La Palma volcano: New satellite images show violent eruption from space as lava flows across island

·2-min read

Watch: La Palma volcano: New satellite images show violent eruption from space as lava flows across island

New satellite images show La Palma's erupting volcano from space, as lava continues to flow across the island.

The pictures taken by the European Union Copernicus Sentinel-2 satellite on Sunday, show the flow of lava from the Cumbre Vieja volcano on the Spanish island.

From today, members of the Spanish Navy are to due to help clean up volcanic ash that is covering large parts of the island and has previously caused the airport to close.

Airline Binter Canarias said its flights have returned to normal, although there may be some operational delays, so urged customers to check the status of their flights.

The island's council has announced that access through the town of Tazacorte, which has a population of around 4,600 people, will not be allowed due to the volcano's ongoing activity.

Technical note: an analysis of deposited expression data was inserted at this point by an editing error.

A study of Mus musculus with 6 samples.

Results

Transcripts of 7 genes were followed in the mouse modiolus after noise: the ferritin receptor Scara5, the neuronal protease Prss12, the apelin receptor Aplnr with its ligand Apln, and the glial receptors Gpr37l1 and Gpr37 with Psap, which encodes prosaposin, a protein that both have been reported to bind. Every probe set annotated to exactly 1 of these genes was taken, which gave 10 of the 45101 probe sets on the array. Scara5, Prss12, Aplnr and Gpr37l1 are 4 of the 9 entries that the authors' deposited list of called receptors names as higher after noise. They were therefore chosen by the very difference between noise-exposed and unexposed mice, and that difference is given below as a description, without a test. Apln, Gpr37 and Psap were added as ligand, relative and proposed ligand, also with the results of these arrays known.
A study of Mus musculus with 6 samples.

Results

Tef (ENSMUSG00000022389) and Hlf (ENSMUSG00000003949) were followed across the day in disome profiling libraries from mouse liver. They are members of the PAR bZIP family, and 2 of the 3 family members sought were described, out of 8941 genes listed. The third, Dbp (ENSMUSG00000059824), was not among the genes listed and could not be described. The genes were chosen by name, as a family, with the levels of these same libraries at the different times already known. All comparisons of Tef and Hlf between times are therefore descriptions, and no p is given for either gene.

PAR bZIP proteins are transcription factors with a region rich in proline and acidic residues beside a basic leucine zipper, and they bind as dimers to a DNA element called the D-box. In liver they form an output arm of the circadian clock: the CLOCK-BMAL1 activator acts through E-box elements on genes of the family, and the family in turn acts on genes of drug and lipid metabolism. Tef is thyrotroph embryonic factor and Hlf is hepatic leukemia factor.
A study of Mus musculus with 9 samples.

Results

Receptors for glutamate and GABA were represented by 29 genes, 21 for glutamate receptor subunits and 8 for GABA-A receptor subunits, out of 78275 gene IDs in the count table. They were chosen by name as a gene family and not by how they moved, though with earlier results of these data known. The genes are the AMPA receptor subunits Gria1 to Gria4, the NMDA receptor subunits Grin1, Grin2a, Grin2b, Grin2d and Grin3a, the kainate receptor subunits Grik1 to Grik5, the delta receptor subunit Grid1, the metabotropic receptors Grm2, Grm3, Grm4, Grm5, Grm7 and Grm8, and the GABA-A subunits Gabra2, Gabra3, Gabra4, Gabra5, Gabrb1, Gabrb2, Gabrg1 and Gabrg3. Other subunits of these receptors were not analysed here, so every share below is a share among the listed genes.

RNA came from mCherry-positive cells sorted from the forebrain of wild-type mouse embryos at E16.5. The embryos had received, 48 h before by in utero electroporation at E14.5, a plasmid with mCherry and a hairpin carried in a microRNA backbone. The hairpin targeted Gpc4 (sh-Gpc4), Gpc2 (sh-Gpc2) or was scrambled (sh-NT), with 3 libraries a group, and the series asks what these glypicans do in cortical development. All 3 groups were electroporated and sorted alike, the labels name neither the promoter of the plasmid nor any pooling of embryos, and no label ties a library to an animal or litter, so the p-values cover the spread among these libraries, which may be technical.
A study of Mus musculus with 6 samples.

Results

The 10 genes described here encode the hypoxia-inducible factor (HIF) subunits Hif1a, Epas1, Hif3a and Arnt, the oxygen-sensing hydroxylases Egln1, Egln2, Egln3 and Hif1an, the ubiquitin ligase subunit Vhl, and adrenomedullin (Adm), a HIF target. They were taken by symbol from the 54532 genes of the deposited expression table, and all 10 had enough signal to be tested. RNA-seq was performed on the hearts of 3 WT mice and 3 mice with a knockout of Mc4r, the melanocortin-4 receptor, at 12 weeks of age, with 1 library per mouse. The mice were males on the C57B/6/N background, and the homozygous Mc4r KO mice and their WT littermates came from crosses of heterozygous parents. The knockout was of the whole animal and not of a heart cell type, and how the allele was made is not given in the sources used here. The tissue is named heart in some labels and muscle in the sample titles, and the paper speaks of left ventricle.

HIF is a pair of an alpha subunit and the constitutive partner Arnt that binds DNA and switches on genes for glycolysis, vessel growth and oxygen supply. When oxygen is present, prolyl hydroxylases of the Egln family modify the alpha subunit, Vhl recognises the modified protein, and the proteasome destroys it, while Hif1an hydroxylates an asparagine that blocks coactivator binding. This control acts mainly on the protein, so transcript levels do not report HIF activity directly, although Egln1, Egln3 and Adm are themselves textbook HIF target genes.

Around 200 members of the military personnel remain deployed on the island, along with special technical equipment for detection, identification and environmental sampling.

Watch: La Palma volcano: Eruption spews searing hot boulders the size of three-storey buildings

More than 1,000 buildings have been destroyed and around 6,000 people have been evacuated from their homes since the eruption began on 19 September.

By 28 September, the 6km lava flow had reached the Atlantic Ocean, spilling off of the island's west coast.

In recent days, part of the volcanic cone formed during the eruption collapsed, opening up new paths for the lava.

Drone images taken over the weekend showed massive blocks of red-hot magma flowing down the side of the volcano, with some the size of three-storey buildings.

The lava flow, which reached temperatures of up to 1,240C (2,264F), destroyed the last few remaining buildings in the village of Todoque, the Canary Islands Volcanology Institute said on Sunday.

Authorities monitored the new stream - with anything in its path being consumed, including farms, swimming pools and industrial buildings.

The Spanish National Geological Institute said there were 21 seismic movements, with the largest measuring 3.8, on Sunday.

It added that they caused the ground to shake in the regions of Villa de Mazo, Fuencaliente and El Paso.

La Palma is part of Spain's Canary Islands, an Atlantic Ocean archipelago off northwest Africa, whose economy depends on the cultivation of canary plantain and tourism.